In Liminal, if someone is searching a room for a clue I want them to find, I'll have them roll Awareness. If they succeed, all good. If they don't, then while simple failure is an option in Liminal (and the one that's used for a lot of rolls), if I really want them to find the thing there are options.
"As you pick up the book you need, a pile of other books falls to the floor with a series of loud thuds. You hear voices and running footsteps from upstairs."
"As you reach into the hiding place your hand closes around something sharp. You retrieve both the caltrop and the now rather bloodstained document you were looking for."
"After a long and exhausting search, you finally locate the hidden drawer. When you look up, you realise that the sun has set."
I think what I find fun about writing and running an investigation is the structure. My current convention scenario, Mother Said I Never Should, is based around investigating the disappearance of a teenage girl. My scenario notes consist of two things:
- The sequence of events that lead up to the current situation.
- A set of clues and the different ways they can be discovered.
My previous convention staple, On The Drift (a Firefly adventure for Scum and Villainy) isn't specifically an investigation - it's about the PCs getting control of an abandoned ship. However, it can become an investigation, depending on how interested the PCs are in how exactly the ship came to be in its current state. I have a pretty similar set of notes, in that I have the sequence of events that led to the situation, plus a set of clues. They're a bit easier to find than in the Liminal scenario - mostly just a case of looking in the right room - so rather than the different ways a clue can be discovered I just have a note of what's in each room of the spaceship.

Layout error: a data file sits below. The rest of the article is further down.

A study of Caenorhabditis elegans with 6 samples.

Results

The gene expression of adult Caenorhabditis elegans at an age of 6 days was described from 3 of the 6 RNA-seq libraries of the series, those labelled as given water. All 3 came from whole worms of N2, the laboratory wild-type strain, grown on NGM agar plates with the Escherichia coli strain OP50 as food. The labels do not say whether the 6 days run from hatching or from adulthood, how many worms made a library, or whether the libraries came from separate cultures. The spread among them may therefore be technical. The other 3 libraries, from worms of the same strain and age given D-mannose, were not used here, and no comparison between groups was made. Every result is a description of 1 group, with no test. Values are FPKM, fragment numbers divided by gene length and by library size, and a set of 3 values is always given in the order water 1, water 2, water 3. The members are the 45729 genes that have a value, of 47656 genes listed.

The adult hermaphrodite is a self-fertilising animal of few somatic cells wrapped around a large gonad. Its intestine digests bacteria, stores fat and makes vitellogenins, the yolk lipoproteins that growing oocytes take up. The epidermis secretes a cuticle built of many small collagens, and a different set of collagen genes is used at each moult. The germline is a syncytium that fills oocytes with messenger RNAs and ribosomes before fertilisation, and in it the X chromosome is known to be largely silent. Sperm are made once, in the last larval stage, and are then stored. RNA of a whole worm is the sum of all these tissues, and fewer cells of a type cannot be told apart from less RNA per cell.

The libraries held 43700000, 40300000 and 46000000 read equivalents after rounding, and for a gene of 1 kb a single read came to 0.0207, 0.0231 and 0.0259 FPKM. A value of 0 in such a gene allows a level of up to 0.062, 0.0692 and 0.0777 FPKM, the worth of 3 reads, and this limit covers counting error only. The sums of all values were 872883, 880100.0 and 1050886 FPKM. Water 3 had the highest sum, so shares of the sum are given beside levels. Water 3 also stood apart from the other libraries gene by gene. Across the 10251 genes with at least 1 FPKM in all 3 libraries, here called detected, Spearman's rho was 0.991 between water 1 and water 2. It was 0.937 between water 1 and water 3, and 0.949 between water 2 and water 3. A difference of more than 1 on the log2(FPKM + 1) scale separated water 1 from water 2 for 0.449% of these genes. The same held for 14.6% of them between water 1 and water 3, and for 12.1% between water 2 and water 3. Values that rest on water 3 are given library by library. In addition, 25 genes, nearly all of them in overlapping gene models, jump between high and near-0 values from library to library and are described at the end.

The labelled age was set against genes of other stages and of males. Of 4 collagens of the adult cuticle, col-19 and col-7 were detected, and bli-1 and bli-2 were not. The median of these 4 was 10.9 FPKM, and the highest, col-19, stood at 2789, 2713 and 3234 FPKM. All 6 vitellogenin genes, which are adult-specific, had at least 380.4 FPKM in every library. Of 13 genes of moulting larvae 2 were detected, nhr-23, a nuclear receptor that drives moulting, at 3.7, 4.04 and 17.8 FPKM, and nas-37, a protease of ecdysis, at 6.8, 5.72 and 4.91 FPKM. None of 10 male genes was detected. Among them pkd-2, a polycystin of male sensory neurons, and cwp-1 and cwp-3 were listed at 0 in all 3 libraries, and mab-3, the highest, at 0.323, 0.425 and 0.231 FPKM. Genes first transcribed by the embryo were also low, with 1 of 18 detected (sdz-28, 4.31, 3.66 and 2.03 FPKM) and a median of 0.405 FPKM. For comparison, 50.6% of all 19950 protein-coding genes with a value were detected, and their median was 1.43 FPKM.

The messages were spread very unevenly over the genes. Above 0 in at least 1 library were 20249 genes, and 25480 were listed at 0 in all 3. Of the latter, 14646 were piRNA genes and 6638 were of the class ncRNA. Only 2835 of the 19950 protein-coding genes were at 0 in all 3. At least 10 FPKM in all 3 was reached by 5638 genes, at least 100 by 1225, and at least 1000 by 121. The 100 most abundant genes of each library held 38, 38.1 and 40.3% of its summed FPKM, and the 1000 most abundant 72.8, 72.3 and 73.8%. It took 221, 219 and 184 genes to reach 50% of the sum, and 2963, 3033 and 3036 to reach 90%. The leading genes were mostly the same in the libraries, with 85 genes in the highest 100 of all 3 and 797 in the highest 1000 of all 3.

Since this isn't an investigation-focused game, it's entirely possible for the players to decide they don't care what happened and go and do something else (and it's happened, and I'm prepared for that too.) But it's a lot of fun for a group who do want to play it that way.
The nice thing about writing an RPG investigation is that unlike writing fiction where you need subtle clues that take a brilliant detective to figure out but a reader can identify on a second reading, you can go for much clearer clues. And with a game with supernatural elements, you don't have to worry about why the police missed all this stuff, because the police are operating under a different set of assumptions to the PCs (e.g. the culprit is human size, solid, visible and subject to the laws of physics.)
Conclusion: I should write more investigation scenarios. I know how to structure them, I enjoy running them, and based on the feedback I'm getting, people enjoy playing them. And I'm part way there already, with my 'in progress' folder containing a partly written Alien scenario with the working title CSI: Weyland Yutani.